To combat terrorist financing, the European Parliament on September 12 approved two laws aimed to prevent money laundering and tighten cash flow checks.
The two laws will make it easier for the authorities to detect and stop suspicious financial flows. For instance, they introduce EU-wide definitions of money laundering-related crimes. They also introduce EU-wide minimum penalties, such as a minimum of four years of imprisonment for money laundering maximum sentences.
The new rules on the criminalisation of money laundering were approved by 634 votes to 46, and 24 abstentions.
On cash flows, the new rules extend the definition of cash to include gold and anonymous prepaid electronic cash cards. Authorities will also be allowed to register information about cash movements below the current €10,000 threshold and to temporarily seize cash if they suspect criminal activity.
The new rules on cash flows were approved by 625 votes to 39, and 34 abstentions.
“The rules prevent criminals from financing their activities – legal or illegal – with the proceeds of illicit actions,” said Rapporteur Ignazio Corrao (EFDD, IT). “Money laundering is a dangerous crime and its harmful consequences are often underestimated. This directive adds a new important tool to fight against this crime.”
Rapporteur Juan Fernando López Aguilar (S&D, ES) stressed the need for the EU to reinforce its controls over cash entering or leaving its territory. “We have incorporated the best practices at international level to new rules and solved some deficiencies and shortcomings of the current legal framework.”
According to Mady Delvaux (S&D, LU), criminals use cash because it’s difficult to trace and easy to transfer. “With this regulation, we are strengthening the tools to combat money laundering and terrorist financing through better and faster exchange of information between authorities, as well as by adopting a more complete definition of cash.”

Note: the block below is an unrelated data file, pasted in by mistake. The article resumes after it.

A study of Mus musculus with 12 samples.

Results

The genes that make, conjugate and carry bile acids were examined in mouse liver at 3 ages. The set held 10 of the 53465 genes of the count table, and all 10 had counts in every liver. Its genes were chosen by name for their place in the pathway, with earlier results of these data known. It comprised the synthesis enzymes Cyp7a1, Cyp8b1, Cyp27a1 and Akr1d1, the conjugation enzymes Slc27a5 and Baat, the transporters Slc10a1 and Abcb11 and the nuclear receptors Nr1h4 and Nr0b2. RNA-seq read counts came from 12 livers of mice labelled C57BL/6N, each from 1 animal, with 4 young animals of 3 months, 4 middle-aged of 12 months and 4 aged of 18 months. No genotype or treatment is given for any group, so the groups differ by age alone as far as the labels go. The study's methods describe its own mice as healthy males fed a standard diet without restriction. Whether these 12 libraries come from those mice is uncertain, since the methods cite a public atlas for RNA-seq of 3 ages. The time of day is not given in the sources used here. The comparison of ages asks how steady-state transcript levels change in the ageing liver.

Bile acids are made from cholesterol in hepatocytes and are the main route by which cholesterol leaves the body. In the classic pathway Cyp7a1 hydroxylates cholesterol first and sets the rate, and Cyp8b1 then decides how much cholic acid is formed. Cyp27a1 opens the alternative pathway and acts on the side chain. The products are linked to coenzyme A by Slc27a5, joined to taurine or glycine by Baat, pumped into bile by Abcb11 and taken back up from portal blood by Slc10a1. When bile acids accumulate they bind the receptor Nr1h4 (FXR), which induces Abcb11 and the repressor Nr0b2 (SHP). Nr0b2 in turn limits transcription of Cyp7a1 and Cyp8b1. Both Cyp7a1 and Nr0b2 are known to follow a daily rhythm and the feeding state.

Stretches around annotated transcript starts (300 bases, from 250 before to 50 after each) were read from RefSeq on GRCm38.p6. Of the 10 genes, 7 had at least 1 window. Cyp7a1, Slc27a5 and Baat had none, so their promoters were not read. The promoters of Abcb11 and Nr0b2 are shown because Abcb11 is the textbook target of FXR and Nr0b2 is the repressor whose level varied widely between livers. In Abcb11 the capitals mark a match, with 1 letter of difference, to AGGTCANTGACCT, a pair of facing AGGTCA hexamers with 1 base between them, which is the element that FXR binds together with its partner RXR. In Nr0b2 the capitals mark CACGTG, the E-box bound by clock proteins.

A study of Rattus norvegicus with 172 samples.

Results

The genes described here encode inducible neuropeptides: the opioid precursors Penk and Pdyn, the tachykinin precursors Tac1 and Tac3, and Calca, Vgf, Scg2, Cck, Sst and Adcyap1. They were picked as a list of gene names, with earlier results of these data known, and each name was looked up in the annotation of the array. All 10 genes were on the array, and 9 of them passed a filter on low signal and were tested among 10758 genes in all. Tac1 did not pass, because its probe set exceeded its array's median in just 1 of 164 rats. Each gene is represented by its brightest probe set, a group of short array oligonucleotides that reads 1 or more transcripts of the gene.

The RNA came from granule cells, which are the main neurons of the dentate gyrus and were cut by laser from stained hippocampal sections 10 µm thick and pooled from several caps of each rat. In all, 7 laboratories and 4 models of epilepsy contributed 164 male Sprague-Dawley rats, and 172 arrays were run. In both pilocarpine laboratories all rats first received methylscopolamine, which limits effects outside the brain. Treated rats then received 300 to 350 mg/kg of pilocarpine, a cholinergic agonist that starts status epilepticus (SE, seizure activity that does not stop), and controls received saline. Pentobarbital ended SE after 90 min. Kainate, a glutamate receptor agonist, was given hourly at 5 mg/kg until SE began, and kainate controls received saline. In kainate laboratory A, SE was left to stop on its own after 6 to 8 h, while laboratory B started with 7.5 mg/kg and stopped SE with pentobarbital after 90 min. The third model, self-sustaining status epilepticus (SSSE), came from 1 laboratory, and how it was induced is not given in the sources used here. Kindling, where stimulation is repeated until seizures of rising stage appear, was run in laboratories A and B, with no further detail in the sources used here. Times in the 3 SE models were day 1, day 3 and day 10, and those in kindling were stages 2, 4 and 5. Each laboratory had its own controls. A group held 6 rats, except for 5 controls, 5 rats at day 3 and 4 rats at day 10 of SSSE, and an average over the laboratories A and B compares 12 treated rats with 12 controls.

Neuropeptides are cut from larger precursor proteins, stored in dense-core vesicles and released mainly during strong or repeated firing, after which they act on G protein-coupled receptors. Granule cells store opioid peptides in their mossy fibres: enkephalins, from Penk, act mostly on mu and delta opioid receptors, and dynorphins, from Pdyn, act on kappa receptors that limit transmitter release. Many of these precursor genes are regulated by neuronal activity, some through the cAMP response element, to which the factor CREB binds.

Similarly, S&D Group spokesperson on economic and monetary affairs, Pervenche Berès, noted that “billions of euros are laundered every year, also due to differences in national approaches. The integrity and stability of the EU’s financial system is at stake”.
Emil Radev MEP, the EPP Group’s Spokesman on the proposal, said: “The EPP Group set the prevention of terrorism financing as one of our key priorities in the fight against terrorism. Today, we took an important step in delivering our goals. However, we made sure that while these loopholes are being addressed, better common rules are being set and information is being shared between the Member States, we won’t increase administrative burdens for EU citizens sending money from and within the EU.”
“This dossier is relevant for the security of the cash entering or leaving the Union. Our work has produced a positive result and I am proud to represent the EPP Group”, added Fulvio Martusciello, the EPP Group’s negotiator in Parliament’s Economic and Monetary Affairs Committee. “One important aspect is the fact that collecting penalties remains something to be decided by member states, however an equivalent deterrent must be constituted across the EU, forming a condition that goes against the ‘penalty shopping’ principle for criminals.”
The new measures now require formal approval by the European Council. EU member states will then have two years to implement the rules on money laundering and 30 months to apply the cash controls directive.